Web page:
U. S. LIEUTENANT WRITES,
IGNORANT OF WIFE'S ERROR
Mrs. W. I. Thomas Receives Letter as Agent for Mrs. Granger.
Lieut. Rufus M. Granger, stationed somewhere in France with an American engineering corps, had not yet heard of the famous escapade involving his wife, Mrs. Pearl Granger, and Prof. William Isaac Thomas, formerly of the sociological department of the University of Chicago.
At least it is presumed that he has not yet heard about it, or had not up to two week ago, for a letter from him was received yesterday at the south side hotel where Mrs. Granger and her sister, Miss Della Raines, artist's model, lived at the time Mrs. Granger and Prof. Thomas were arrested after they had visited the Brevoort hotel as man and wife.
Mrs. Granger has not been a guest at the South Side hotel since April 19, the day on which she found refuge in the Thomas household at 6132 Kimbark avenue, following her arrest by federal authorities. Two week later, she left Chicago, but her destination has never been revealed. It was said at the time that she had gone to New York to join her sister, Della, but that was speculation.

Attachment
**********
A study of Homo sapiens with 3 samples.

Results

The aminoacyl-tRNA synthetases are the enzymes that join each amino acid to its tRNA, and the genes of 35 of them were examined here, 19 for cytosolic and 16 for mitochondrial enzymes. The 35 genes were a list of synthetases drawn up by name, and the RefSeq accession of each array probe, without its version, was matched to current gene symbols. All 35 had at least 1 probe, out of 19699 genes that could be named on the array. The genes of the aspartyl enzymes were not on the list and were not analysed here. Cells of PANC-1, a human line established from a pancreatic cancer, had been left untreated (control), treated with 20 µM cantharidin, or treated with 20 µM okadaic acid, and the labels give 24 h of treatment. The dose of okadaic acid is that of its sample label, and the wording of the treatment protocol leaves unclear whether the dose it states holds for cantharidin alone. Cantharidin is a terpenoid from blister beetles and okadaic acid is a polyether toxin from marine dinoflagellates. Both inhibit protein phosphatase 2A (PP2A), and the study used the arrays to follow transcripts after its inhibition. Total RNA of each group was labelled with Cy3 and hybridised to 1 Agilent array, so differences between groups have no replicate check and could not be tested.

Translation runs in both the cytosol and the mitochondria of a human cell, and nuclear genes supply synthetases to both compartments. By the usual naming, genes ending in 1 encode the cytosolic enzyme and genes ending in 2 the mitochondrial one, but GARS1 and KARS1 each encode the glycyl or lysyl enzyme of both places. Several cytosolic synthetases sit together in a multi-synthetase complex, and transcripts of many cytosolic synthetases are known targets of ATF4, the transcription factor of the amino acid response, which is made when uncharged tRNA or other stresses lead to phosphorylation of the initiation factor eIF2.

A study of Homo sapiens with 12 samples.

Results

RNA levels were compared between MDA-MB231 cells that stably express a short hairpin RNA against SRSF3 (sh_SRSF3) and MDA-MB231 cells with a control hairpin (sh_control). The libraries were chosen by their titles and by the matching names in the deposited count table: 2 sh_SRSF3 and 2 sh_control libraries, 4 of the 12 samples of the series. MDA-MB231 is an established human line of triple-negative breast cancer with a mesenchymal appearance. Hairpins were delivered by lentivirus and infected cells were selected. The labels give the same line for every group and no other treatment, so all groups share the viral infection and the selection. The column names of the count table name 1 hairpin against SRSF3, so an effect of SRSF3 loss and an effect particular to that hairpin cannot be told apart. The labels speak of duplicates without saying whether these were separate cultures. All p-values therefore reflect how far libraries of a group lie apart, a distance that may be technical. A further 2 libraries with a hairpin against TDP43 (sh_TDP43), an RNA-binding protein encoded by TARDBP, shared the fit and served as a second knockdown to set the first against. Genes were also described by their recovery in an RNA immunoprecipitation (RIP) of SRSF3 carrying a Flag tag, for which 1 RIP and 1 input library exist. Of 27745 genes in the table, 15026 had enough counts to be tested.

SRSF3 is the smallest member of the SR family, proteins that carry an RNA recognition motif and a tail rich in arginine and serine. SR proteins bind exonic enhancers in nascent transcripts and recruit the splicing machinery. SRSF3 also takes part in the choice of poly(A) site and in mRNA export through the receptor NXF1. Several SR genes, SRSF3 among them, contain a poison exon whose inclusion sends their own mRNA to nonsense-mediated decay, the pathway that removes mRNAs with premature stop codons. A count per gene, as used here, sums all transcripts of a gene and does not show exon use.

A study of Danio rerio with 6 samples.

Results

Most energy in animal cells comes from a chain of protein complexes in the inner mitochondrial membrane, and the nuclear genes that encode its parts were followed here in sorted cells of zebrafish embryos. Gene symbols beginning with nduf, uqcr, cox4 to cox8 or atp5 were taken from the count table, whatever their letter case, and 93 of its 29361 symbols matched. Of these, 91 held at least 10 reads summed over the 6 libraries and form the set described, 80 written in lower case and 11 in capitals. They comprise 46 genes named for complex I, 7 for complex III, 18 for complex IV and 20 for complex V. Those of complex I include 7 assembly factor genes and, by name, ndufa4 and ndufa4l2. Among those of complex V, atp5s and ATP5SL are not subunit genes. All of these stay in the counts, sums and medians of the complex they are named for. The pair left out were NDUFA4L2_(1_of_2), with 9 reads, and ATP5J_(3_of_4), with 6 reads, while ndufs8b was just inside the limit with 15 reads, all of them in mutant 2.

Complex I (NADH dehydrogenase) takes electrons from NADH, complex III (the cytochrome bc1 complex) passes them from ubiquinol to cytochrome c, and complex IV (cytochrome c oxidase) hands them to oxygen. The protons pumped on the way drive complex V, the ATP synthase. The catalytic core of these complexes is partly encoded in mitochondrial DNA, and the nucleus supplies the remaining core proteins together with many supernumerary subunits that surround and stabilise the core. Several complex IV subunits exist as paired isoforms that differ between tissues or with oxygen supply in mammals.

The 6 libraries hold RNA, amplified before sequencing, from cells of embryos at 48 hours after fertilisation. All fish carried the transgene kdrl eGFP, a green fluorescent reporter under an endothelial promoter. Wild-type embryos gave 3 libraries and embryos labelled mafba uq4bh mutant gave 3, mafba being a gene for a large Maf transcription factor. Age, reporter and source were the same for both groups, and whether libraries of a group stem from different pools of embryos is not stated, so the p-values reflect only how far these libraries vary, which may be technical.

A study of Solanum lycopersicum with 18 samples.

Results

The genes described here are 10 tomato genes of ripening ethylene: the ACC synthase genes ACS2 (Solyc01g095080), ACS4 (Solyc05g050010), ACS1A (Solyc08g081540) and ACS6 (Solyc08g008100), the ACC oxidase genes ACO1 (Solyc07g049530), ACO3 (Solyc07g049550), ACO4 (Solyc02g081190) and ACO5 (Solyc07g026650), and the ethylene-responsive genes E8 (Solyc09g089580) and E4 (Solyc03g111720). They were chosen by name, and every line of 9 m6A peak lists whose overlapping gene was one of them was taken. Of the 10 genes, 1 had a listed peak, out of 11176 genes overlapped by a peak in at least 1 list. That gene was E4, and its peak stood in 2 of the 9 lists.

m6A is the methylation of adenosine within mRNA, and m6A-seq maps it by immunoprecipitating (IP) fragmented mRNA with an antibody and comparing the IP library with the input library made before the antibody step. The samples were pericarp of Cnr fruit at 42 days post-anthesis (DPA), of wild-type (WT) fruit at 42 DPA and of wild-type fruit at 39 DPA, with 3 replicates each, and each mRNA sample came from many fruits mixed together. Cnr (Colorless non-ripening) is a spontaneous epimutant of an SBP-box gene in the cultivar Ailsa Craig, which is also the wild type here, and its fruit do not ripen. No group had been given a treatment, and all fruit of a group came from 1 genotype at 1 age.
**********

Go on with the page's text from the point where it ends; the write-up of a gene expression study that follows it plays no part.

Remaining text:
The letter received yesterday was sent to the old address. The military postmark was dated May 18. Had anyone written Lieut. Granger or had his wife revealed her present whereabouts he would have known that she is no longer in Chicago.
Mrs. Thomas appeared at the hotel and presented the manager with a power of attorney from Mrs. Granger, and asked for and received the letter. The document authorized her to receive mail and money due Mrs. Granger and otherwise transact any necessary business. It bore a date late in May.
No Friends in World.
"Yes, I have Mrs. Granger's power of attorney," Mrs. Thomas explained at night. "It was necessary after her great trouble to leave Chicago, although there were a number of little business matters for her to attend to. She did not have a friend in the world, and since I had taken her into my home, when she asked me I consented to attend to her business affairs for her. A power of attorney was necessary."
Mrs. Thomas refused to reveal Mrs. Granger's present whereabouts or otherwise discuss the latter's affairs.